AGA Washington Insider

A policy blog for GIs

Congress to Address SGR Reform, Budget Priorities

The Senate Finance Committee and the House Ways and Means Committee are scheduled to mark up the latest legislative framework to repeal the sustainable growth rate (SGR) formula, which is used to calculate physician payment updates under Medicare, and transition physicians to a system that links payments on quality measures and outcomes. Last week, the Senate Finance and Ways and Means Committees staff held a meeting with physician stakeholders to discuss their joint proposal and some of the changes that they made based on feedback from physicians.

In general, the revised draft would replace the SGR with a value-based pay for performance system (expanded to other non- physicians) with a chance for bonus payments to offset the freeze of physician payments for ten years. The AGA and other physician organizations are extremely concerned with this provision since physician reimbursement has not kept pace with medical inflation and practice costs for the past twelve years. Additionally, given the recent proposed payment cuts to upper endoscopy codes for gastroenterologists, a ten year freeze would represent a cut for GI.

Some significant changes in the draft:

  • Earlier proposed 10 percent penalty for failed reporting requirements for surveys of misvalued codes was dropped.
  • Bonus/penalty adjustments were narrowed in 2017-2020 with HHS given discretion to allow adjustments above 10 to 12 percent, beginning in 2021.
  • Physicians would get credit for improving quality and use of resources from one year to the next.
  • The inclusion of increased incentives for small practices to help them move to alternative payment models or the value-based purchasing program.
  • Introduction of a “partial qualifying Alternative Payment Model (APM) participant” category to allow providers to choose to participate in the value-based purchasing program and get a bonus.

Of note, the Congressional Budget Office (CBO) released an updated cost estimate for the House Energy and Commerce Committee SGR reform bill totaling $153.2 billion over ten years — a significant reduction. CBO indicated that freezing payments, rather than increasing them by 0.5 percent per year for five years, would reduce the cost to $116.5 billion. Certainly, the lower CBO score helps the chances of a permanent fix to the SGR.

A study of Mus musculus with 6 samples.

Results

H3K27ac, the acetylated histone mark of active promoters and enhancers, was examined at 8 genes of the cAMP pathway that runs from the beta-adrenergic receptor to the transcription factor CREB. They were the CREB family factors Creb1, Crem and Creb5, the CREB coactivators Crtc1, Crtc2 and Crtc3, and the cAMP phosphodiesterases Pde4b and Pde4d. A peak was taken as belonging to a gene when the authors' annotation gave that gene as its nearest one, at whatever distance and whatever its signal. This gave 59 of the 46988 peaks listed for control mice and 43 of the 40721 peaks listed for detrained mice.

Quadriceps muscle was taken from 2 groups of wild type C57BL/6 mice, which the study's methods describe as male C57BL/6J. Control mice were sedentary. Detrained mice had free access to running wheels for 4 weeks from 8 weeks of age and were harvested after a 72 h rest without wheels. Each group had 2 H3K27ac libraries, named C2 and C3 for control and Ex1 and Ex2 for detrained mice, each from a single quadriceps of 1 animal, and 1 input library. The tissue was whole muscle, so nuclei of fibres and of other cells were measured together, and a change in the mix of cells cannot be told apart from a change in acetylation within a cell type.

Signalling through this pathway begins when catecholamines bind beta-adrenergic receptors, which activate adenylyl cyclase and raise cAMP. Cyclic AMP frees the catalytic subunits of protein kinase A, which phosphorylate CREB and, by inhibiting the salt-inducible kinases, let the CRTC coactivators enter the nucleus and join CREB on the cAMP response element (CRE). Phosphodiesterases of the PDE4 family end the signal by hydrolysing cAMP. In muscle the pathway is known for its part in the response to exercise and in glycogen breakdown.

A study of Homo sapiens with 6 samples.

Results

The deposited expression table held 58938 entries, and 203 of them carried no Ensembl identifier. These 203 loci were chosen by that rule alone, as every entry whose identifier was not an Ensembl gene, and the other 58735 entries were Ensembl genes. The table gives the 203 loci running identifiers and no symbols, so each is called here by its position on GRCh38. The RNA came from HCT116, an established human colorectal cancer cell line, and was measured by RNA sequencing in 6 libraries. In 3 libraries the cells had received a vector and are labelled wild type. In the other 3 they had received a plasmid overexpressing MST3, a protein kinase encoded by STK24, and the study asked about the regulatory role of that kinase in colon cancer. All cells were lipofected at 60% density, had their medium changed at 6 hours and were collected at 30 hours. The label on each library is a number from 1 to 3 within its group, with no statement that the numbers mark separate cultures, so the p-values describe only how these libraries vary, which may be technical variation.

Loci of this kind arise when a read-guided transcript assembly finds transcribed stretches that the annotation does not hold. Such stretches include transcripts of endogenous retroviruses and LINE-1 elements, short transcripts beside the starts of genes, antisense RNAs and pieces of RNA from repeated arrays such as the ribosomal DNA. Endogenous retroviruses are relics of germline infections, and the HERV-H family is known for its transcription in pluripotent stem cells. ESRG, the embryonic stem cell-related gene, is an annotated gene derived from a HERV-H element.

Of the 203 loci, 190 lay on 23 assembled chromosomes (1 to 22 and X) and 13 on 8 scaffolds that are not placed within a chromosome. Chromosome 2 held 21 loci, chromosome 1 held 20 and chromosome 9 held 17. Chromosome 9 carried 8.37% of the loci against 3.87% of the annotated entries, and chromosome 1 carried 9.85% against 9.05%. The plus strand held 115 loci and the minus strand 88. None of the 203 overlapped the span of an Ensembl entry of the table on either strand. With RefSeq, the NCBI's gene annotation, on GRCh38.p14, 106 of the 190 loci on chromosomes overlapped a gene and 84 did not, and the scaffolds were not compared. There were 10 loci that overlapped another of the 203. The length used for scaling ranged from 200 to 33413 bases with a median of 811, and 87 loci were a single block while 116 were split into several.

Looming Budget Negotiations

Also on the agenda is the need to reach an agreement on a budget deal to fund the government for fiscal year 2014, the current continuing resolution expires on Jan. 15, and also address the scheduled cuts to Medicare physician payments which are effective Jan. 1. House Budget Chair Paul Ryan, R-WI, and Senate Budget Chair Patty Murray, D-WA, have been working to reach a budget agreement. Sources indicate they are close to reaching a deal on a $1 trillion budget and replacing sequestration, although those details have yet to be finalized. Both sides would like to replace sequestration, or automatic cuts, but have differing views of the amount that should be allocated.

The AGA continues to express our concerns to Congress on the proposed 10 year freeze for physician payments and also has advocated that Congress fund the NIH at adequate levels given the cuts it has sustained and its impact on research. We will continue to monitor these issues closely and will keep you up to date on any new developments.

Look for more updates on these critical issues facing gastroenterology on the AGA Washington Insider and AGA eDigest.